1. Give up 1 but not 2
2. We need bonus points
3. A wins a win
4. All that matters is March
5. I cant accept losing
6. You should/shouldn’t beat this guy
7. Circle/Hang On/Drop to an Ankle (obvious hint to stall)
8. Don’t get pinned/stay off your back
9. This is what you worked for all year
10. This is a big match for us

Explanations Below:

1. Coaches who say give up 1 but not 2 get wrestlers overthinking top. When wrestlers overthink they get nervous and they do impatient things, instead of doing the very things that got them the lead in the first place (presumably a coach is saying this to a wrestler with a slight lead). Also, another name for top is offense. a wrestlers job is to be aggressive. In practice this may be acceptable to say to younger wrestlers so they begin to understand the sport.

2 & 8 can be grouped in together. Many wrestlers I speak to say when coaches place an expectation on them of how many points they need to score or what they “should” do adds A LOT of nervousness to them and they often wrestle worse. Wrestlers should be focused on scoring as many points as possible and look for the pin if its there. Stay off your back conveys a huge lack of confidence in your wrestler comparatively to the present opponent. Unless you’re coaching very inexperienced wrestlers, this is obvious. Does not have to be revisited right before a match.

3. “A win’s a win” conveys to your wrestler that your primary concern is the outcome. Even if this is so, you don’t want to stress this to your athlete because they will feel greater pressure not to let you down. You want your wrestlers wrestling free of expectations so they can let loose and open up- just like practice (where many wrestlers are at their best). Also, if a win is a win, by definition that means a loss is a loss. So what if you lose? You’re setting the athlete up to think in dichotomous extreme terms about winning and losing. The more effective thing to focus on is learning a lesson whether they win or loss.

4. Why do many wrestlers “choke” at the end of the season? Often because they believe “its all about March.” Coaches say this phrase with nothing but the best intentions. We want our wrestlers to keep their eye on the prize. We want to be process oriented instead of outcome oriented. The only time we want to be outcome oriented is when were doing goal setting, if an athlete is feeling lazy or feels like quitting. Then we revisit what they are ultimately trying to accomplish. This phrase may be appropriate sometimes, but use with caution. You need to be careful of the subtle messages you send your wrestlers. You don’t want your wrestlers like a deer in the headlights when March comes. Treat all live wrestling as live wrestling no matter what time of year it is.

5. Accepting losing and mistakes as part of the process is necessary to be successful in any field. We strive to eliminate error and imperfections but we definitely don’t let fear of mistakes dictate our actions. Its much more important to open up, let loose, and be aggressive. Be sure to reinforce that attitude most of all in your wrestlers.

6. Most wrestlers I speak to say that when a coach repeats their expectations (should/shouldnts) before a match they become focused on not letting the coach down. In practice, wrestlers do not worry about letting their coach down, and not surprisingly, they wrestle at their best. This is a hard thing to do, but great coach knows what to say and when to say it as well as what not to say and when not to say it. These seemingly simple things we say to wrestlers can add a ton of pressure. Just as you want your athlete to “trust their training,” coaches must also remember to trust in their own training of their athletes. This means on match day- sometimes less is more. its one of the hardest things for any wresting minded person to do- let go a little and allow things to happen instead of waste time, energy, and efficiency in trying to control every little thing. Bottom line: don’t should on other people. No one likes that. Pick less extreme words like want to and choose to.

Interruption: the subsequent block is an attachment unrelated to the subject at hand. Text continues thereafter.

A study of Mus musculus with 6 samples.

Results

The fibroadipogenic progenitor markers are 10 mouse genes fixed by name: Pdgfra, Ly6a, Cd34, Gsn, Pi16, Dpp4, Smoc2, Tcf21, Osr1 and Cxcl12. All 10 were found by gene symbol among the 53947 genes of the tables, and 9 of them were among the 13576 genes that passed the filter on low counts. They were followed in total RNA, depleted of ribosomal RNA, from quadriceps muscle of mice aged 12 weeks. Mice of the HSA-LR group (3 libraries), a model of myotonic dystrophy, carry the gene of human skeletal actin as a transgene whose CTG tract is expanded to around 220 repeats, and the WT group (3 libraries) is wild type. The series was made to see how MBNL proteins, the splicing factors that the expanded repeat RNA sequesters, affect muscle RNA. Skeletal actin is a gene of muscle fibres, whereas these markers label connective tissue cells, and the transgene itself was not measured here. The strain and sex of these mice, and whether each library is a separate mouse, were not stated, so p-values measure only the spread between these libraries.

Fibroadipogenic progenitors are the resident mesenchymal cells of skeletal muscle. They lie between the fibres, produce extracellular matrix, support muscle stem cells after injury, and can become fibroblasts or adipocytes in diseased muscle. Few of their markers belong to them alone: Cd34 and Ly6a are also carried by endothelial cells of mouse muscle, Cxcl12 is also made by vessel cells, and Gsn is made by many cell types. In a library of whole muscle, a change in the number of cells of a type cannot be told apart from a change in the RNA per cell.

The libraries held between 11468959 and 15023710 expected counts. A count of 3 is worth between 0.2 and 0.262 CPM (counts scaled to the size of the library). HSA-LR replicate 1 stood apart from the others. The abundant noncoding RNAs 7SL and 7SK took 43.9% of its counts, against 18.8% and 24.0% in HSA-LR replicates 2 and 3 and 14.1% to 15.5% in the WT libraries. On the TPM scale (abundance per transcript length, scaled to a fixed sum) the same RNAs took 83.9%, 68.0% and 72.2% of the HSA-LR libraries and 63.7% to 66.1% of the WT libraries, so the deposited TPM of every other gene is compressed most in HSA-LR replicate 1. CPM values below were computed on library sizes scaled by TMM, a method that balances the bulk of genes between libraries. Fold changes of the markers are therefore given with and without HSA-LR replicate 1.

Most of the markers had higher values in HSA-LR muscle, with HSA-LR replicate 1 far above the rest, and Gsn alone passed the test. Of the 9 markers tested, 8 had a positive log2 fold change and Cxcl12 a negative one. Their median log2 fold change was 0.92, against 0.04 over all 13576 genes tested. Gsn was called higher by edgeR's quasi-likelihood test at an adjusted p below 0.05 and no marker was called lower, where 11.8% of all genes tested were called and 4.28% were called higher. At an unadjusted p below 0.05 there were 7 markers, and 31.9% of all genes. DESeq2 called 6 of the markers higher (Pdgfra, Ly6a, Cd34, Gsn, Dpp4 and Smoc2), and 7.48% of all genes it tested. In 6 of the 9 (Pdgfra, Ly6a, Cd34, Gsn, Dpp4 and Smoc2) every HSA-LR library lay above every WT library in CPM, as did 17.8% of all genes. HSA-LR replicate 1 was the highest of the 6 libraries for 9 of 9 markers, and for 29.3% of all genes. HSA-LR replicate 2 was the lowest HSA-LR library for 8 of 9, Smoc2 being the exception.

7. Obvious hints to stall at the end of the match shift a wrestlers focus from offense to fear of getting scored on. I go to many college matches and have seen many wrestlers, even at this level, lose matches because they shifted their focus at the end of the match. These are high level wrestlers that lose matches they are winning because they change their style in the last 30 seconds. Keep wrestling until the last whistle- and wrestle your way- aggressively.

9 goes with #4. you don’t want a wrestler putting tremendous pressure on themselves at the end of the year. if you don’t remind a wrestler every day in practice that “this live go is what you worked for all year” then don’t change it in a match. You see this in movies all the time- pep talk, cheering fans, inspiring music, big win, fades to black and white. In real life, pep talks often add too much pressure. Let them do what they do every day in practice. Listen to champions interviews- they talk about being themselves and doing what they do every day.

10. There’s no big or small match. You want your wrestlers treating each match the same or they will add a lot of pressure and they’ll usually wrestle worse.

In conclusion, it will probably difficult to eliminate all these phrases from your coaching vocabulary. The important thing is to be aware that subtle things you ay have a big affect on your wrestlers (I know, I talk to them). Just be aware of the messages and subtle messages you are saying and be sure to drive home the main points in practice. Match day should just be an extension of the same attitude you have everyday in practice.